Business Secretary Sajid Javid has outlined why he won’t be meeting Sheffield Council leader Julie Dore over plans to move 247 civil service jobs to London.
A spokesman for the Government minister said Mr Javid already has a ‘number of engagements’ while he’s visiting South Yorkshire today.
His visit comes as workers in his department have walked out in protest at the planned job cuts.
The Sheffield Council leader said the minister was ‘running scared’ after reportedly refusing numerous requests to discuss the proposals.
Government plans include shutting the office in St Paul’s Place in Sheffield city centre and moving 247 jobs to the capital by 2018.
Sheffield MPs have said the Government has failed to provide a ‘clear rationale’ behind the proposal.
The council leader has reacted angrily to Mr Javid’s snub and said he’s known about her request for five months.
The Arbourthorne councillor said she was ‘dismayed’ Mr Javid couldn’t include a short meeting with her during his visit to Sheffield.
Ms Dore said: “It’s absolutely disgraceful that the Business Secretary can’t even spare me five minutes for a conversation on these job cuts.
“I’ve offered to meet him wherever and he’s point blank refused to see me.
“The message I get from him is the workers are not important, I’m not important and the city of Sheffield is not important.
“I’ll be writing to the Prime Minister and the Chancellor for the lack of cooperation on this issue which flies in the face of the Northern Powerhouse agenda.”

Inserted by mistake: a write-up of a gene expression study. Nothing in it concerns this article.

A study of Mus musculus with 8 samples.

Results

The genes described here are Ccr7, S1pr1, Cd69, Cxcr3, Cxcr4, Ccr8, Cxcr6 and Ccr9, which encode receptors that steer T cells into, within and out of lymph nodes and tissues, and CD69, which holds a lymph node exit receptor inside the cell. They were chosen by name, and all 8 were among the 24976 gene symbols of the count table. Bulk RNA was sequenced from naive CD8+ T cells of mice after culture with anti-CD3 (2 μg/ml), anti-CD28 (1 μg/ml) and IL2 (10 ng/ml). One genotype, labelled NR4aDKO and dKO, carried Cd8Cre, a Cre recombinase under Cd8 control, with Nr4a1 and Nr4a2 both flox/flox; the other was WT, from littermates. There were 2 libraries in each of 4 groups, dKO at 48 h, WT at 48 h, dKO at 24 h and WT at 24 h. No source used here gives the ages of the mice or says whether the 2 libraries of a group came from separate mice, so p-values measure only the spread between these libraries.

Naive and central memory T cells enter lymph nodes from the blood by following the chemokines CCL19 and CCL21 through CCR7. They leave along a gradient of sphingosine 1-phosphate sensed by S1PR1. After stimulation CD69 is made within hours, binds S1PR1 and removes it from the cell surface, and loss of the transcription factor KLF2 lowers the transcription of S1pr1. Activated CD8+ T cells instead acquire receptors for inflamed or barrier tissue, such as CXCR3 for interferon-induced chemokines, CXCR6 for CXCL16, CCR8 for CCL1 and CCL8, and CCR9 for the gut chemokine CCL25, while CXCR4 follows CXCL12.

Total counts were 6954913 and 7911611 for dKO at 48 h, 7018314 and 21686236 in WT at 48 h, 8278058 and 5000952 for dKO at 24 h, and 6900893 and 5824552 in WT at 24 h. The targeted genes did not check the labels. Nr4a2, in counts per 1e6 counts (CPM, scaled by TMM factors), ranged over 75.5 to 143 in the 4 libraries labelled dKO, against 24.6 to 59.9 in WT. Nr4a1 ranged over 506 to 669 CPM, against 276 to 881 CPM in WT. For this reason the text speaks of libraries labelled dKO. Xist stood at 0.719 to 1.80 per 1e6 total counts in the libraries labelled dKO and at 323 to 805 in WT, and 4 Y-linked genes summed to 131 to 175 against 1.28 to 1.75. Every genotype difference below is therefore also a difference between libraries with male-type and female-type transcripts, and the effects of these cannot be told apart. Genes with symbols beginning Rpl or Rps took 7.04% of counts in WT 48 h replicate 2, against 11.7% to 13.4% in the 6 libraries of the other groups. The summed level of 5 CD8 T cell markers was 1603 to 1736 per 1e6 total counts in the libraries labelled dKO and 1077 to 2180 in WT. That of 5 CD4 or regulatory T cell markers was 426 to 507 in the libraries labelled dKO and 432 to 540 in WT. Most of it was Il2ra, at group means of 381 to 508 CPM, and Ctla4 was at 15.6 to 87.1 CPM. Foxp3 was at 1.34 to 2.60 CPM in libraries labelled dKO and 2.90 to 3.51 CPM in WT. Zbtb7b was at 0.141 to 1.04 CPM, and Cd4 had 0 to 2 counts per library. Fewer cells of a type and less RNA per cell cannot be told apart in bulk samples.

Marian Lloyd from the PCS union spoke to The Star on the picket line this morning.
She said: There has been no thought about the impact that it will have on people’s livelihoods, the community in Sheffield and wider economic situation.”
A BIS spokesperson said:“The Business Secretary has a number of engagements in South Yorkshire where he will be meeting businesses, apprentices and local people. He has a number of engagements in the area, including chairing an industry roundtable and visiting advanced manufacturing facilities that are benefiting the local economy.
“The proposal to close the BIS office in Sheffield has not been taken lightly and ensuring staff are fully briefed and consulted remains a huge priority for us. That’s why the Permanent Secretary, along with BIS officials and board members, have engaged with staff and unions closely as part of the formal consultation and ministers have discussed the proposals with both MPs and in Parliament. The board is now in the process of giving full consideration to responses received.”